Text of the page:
Men’s basketball: New coach, new players, no problem


Vince Inglima watches the men’s basketball team during practice on Wednesday, Sept. 20, 2017. (Mitchell Mylius/Golden Gate Xpress)

The Gators on SF State’s men’s basketball team had their best season in over seven decades last year, yet did not achieve everything they set out to.

This does not mean the team is not doing everything they can to build off of this success. This hunger is at the forefront of many of the returning players’ minds.

Vince Inglima, interim head coach of the men’s basketball team, voiced some of these sentiments.

“[Last season] was the most wins since 1940. We take a lot of pride in that,” Inglima said. “We’re really proud of that … [but] at the same time, we don’t have a lot to show for it. We finished second in the league, so we didn’t get to hang a banner … then we went to the national tournament and we played a team that had been there for four straight years, and it was our first time and they beat us.”

[/media-credit] Vince Inglima watches the men’s basketball team during practice on Wednesday, Sept. 20, 2017. (Mitchell Mylius/Golden Gate Xpress)
“So, yes we had a great year and it is something to really value, but at the same time, we’re really hungry,” Inglima said.

One of the challenges the team will face in having another historic season is having seven new players on the team this year. Five of them are transfer students, one is a walk-on and one is the lone true freshman on the team, Michael Diaz.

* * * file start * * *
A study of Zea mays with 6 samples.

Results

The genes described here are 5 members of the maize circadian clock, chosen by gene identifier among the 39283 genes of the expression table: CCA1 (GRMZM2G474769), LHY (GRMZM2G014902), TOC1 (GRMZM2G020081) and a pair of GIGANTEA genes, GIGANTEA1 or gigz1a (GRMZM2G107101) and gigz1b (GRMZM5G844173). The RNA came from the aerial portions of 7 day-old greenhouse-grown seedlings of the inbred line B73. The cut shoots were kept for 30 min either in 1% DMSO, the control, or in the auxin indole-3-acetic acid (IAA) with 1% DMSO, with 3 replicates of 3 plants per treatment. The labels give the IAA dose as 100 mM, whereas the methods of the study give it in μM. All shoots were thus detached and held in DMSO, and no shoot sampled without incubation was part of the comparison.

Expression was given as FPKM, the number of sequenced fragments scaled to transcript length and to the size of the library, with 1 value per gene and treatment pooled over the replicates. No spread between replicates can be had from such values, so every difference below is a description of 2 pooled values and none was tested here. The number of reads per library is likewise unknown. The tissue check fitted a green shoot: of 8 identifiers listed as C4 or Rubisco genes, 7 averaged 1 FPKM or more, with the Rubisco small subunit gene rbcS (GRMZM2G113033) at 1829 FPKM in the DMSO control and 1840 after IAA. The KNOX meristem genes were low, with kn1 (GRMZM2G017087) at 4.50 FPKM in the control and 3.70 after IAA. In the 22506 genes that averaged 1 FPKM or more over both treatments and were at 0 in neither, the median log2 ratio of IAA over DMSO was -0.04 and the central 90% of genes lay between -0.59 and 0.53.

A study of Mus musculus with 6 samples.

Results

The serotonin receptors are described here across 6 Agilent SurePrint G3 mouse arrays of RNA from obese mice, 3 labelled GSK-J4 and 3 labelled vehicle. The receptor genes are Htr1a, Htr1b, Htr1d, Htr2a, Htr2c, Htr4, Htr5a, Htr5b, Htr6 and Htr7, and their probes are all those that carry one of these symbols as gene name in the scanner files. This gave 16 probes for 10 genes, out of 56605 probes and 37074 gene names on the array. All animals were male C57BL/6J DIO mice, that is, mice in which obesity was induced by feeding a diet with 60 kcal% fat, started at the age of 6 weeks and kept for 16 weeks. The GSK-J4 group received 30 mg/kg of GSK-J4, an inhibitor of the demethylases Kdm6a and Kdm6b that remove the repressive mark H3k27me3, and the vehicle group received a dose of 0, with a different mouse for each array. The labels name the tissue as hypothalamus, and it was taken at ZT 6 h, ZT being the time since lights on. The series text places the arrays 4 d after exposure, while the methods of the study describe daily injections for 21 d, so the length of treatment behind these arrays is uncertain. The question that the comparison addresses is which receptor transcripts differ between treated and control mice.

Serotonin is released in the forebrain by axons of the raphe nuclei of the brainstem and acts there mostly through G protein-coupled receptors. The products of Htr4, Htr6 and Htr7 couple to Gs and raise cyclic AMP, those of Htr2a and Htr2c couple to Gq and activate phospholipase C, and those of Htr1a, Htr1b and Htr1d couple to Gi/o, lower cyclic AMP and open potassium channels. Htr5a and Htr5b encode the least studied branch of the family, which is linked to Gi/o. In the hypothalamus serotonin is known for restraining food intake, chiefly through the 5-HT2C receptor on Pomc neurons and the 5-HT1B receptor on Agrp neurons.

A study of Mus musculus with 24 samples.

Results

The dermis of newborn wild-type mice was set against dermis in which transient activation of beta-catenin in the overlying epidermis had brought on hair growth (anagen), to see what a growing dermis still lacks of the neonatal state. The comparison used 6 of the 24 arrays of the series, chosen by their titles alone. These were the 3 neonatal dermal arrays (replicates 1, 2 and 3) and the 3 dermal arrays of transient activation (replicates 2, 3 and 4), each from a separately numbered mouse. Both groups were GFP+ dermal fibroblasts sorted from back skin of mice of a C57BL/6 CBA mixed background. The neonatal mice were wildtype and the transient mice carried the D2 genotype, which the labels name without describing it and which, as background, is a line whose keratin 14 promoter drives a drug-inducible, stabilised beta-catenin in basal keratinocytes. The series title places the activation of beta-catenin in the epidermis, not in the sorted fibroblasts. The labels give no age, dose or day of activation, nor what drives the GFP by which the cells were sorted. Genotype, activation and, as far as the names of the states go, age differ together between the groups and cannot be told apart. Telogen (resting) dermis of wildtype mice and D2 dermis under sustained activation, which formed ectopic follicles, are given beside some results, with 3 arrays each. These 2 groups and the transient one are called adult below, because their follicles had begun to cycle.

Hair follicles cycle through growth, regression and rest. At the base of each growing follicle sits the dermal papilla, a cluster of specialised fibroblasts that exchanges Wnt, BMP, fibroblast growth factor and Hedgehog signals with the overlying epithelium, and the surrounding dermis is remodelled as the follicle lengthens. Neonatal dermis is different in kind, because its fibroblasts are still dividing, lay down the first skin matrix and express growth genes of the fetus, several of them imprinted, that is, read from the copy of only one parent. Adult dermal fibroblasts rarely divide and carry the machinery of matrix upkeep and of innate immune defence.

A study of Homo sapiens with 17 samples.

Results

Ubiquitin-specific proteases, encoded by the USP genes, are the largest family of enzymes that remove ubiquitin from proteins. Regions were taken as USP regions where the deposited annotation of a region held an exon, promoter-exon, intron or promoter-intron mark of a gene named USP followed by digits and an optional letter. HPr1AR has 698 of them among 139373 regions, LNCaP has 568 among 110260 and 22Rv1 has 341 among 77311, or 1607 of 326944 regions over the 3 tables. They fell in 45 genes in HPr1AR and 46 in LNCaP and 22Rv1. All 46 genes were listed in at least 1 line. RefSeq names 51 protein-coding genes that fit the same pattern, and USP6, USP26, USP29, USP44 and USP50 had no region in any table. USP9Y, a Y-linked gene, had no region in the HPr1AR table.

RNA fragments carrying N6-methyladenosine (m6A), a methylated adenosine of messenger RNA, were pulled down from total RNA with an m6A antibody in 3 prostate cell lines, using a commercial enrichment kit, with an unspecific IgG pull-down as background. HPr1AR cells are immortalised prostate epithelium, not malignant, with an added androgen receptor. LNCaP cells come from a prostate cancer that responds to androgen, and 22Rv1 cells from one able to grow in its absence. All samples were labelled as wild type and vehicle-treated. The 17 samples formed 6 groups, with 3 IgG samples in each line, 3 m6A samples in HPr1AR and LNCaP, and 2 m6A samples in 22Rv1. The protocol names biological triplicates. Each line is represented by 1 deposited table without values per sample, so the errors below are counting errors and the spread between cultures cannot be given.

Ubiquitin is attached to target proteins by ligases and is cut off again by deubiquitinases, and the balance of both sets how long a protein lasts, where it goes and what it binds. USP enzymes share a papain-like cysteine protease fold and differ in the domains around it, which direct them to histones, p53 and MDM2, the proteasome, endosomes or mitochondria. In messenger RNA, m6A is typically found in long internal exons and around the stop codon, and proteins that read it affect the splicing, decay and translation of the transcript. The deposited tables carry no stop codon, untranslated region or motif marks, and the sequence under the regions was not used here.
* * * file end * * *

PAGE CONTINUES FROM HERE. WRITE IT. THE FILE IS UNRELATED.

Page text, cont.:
Diaz spoke highly of Inglima, who is in his first year of being head coach after serving as lead assistant to the Gators for four seasons.

“I was recruited by Inglima, so me and him had already created a type of bond,” Diaz said.“Once he moved to head coach, it wasn’t really hard to adjust.”

Inglima being the main recruiter for new players certainly helped him to get athletes that would fit into his system.The fact he was promoted from within, rather than an outside coach being hired, he feels gives the returning players a true chance to build even stronger chemistry.

“The continuity [in the coaching system] is huge for making our returners continue that growth,” Inglima said. “If you bring in a new system, it kind of makes everybody a first year player.” This coaching promotion allows the returning players to focus on helping the new players adapt and fit into the system right away.

“The returners set the floor,” Inglima said. “The returners, how well they do, how well they execute and how hard they compete will set the bottom level of how good we’re gonna be. How quickly our new guys adapt will set the ceiling.”

No player is more key to this success than returning Division II Bulletin All-American Honorable Mention Warren Jackson. Jackson is the only player Inglima guaranteed would be in the starting lineup. However, starting is not Jackson’s primary concern.

“Being a starter really doesn’t mean much to me …  the main thing for me is winning so [whether] I’m starting or coming off the bench, as long as we are playing good that’s fine with me,” Jackson said.

Inglima faces a challenge himself, which is becoming the head coach after four seasons as an assistant. This challenge is certainly something he embraces.

“When you move over 18 inches in the old coaching chair from the second chair to the first chair, it’s not very far physically but it is a big change for a program,” Inglima said. “The biggest hurdle for that is how your players react to it, and I’ve been really thankful that all of our returners have really embraced it … they’re working very hard, they’re bringing it every day, and that has really helped to make it a smooth transition.”

With just a few weeks of practice left before the start of the season, Inglima feels the team certainly has work to do. However, both Diaz and Jackson expressed they are remarkably driven to be more than a one-year wonder.

“We are talented, there’s no doubt about it. If we work together well … we’ll have a really good season,” Inglima said.